The online student newspaper of Vandegrift High School

Vandegrift Voice

The online student newspaper of Vandegrift High School

Vandegrift Voice


A novelist in the making: Junior composes original book

A+novelist+in+the+making%3A+Junior+composes+original+book

Fingers glide over the keyboard, composing a symphony of language with each click of a button. Words run down the screen as the body of text rapidly expands and the story comes to life. The world around the small, boxy screen collapses, giving way to a consciousness of pure reverie. Spaceships, martians, fairies, and zombies appear in the writer’s periphery, darting across his vision as the fantasy world of his creation solidifies before him.

Over the past year, junior Samuel Kim has spent two hours a night in his free time writing a novel with the intent of publishing and selling it. 

“This book started off as a project with me and a couple of friends,” Kim said. “We were making a video game called ‘The Echoes of Eden’, which I decided to start making a story and music for. Eventually the game didn’t work out, but I already had the story laid out, so I began thinking that I could turn it into a book.”

Set in a fictional city called the Republic Arena, within the country of Rihna, the book takes place 100 years in the future, covering the attempts of earth’s citizens to save the planet by genetically engineering a microbe to reverse the effects of climate change. 

It’s a sort of futuristic dystopian sci-fi book,” junior Avery LaRusso said. “It offers a lot of interesting perspectives about what could happen with technological advancements in the future if our society continues developing at its current rate.”

Video Games such as “Hollow Knight” and “Rain World”, as well as movies such as “Interstellar” and “Dune,” have had a large impact on Kim’s writing, as he incorporates many of their dystopian elements alongside his own thoughts and writing style.

Writing is one of the ways I can communicate my ideas,” Kim said. “While I could give some type of deeply philosophical rationale for why writing is significant to the world as a whole, I think it’s overcomplicating just how relaxing and exciting it can be to simply jot down some goofy ideas onto paper.”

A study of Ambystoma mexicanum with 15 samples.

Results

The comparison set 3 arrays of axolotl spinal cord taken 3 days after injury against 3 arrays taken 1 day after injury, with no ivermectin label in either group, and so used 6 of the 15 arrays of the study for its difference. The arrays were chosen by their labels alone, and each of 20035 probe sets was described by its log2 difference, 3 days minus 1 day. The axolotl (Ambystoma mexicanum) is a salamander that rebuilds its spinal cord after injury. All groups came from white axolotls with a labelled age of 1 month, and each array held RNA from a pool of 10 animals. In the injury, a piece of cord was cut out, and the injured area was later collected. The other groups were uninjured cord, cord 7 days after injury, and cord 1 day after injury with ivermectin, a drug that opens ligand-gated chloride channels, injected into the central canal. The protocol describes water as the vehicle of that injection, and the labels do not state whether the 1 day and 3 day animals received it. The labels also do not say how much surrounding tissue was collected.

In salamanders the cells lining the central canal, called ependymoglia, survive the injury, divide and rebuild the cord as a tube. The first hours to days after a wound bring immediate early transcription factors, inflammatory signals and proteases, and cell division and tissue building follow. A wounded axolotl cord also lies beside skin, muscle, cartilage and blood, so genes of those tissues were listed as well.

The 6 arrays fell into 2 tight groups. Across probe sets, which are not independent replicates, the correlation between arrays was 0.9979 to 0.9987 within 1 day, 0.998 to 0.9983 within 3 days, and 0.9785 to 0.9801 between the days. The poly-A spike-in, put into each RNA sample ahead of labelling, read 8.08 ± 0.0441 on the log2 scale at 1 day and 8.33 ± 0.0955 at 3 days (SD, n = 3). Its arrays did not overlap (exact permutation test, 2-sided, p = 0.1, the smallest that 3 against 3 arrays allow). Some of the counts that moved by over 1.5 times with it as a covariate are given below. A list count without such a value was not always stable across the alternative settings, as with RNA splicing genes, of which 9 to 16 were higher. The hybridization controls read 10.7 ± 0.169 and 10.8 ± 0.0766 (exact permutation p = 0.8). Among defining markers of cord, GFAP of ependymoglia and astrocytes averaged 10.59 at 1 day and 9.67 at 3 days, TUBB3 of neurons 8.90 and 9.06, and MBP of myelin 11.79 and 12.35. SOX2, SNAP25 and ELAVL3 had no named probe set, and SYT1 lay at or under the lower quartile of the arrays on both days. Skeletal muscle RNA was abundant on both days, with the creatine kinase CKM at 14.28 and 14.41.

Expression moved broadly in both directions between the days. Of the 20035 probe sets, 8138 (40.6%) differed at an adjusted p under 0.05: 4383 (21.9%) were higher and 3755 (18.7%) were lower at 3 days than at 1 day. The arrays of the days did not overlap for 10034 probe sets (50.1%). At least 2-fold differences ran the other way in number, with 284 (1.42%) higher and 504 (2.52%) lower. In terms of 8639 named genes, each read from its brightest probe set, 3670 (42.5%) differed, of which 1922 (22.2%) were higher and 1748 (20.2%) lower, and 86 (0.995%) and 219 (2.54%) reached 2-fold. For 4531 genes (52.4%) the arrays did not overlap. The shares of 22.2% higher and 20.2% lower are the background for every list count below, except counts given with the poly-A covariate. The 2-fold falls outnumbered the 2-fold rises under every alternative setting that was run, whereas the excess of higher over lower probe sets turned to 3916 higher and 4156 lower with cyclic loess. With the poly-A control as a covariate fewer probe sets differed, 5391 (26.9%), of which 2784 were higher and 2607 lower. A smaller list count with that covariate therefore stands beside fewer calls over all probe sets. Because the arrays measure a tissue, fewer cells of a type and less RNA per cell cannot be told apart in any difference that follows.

Kim has utilized the help of friends such as LaRusso to help him prepare the book for publishing. He also considers sending the book to a professional upon completion.

“My experience editing the book has been great,” LaRusso said. “The book itself is really well written, and there’s a lot of foreshadowing. Since I don’t know the plot ahead of time, it’s been fun to make predictions as I’m editing.”

Kim estimates that the book will be complete and ready for publishing by June or July, and he plans on marketing it on social media platforms and through word-of-mouth. 

“A lot of people at school apparently know about my book that I wasn’t aware of before, so I think it is already gaining some traction,” Kim said. 

After writing approximately 75,000 words, comprising the first two out of three sections of the book, Kim believes the most difficult part of the process was initiating the writing process.

It was hard trying to figure out how I wanted to present my ideas, develop the characters, and think out a coherent storyline before I began writing,” Kim said. “However, once I got past the first few chapters, the book started writing itself.”

Kim feels the most impactful part of writing a book was getting to process his own ideas and translate them into a meaningful medium. 

The most rewarding part has probably been the fact that I am finally putting many of my ideas to paper,” Kim said. “I think a lot of people have ideas for a cool story they could tell but never actually get around to it. I count myself lucky that I’ve started the process.”

 

Mary Bahrami
Mary Bahrami, Staff Reporter
Mary Bahrami is a junior and is excited for her first year on staff. Mary is also an athlete on the Steiner Ranch Mountain Biking team and a member of yearbook staff. Outside of school, Mary loves to read, write, and spend time with friends.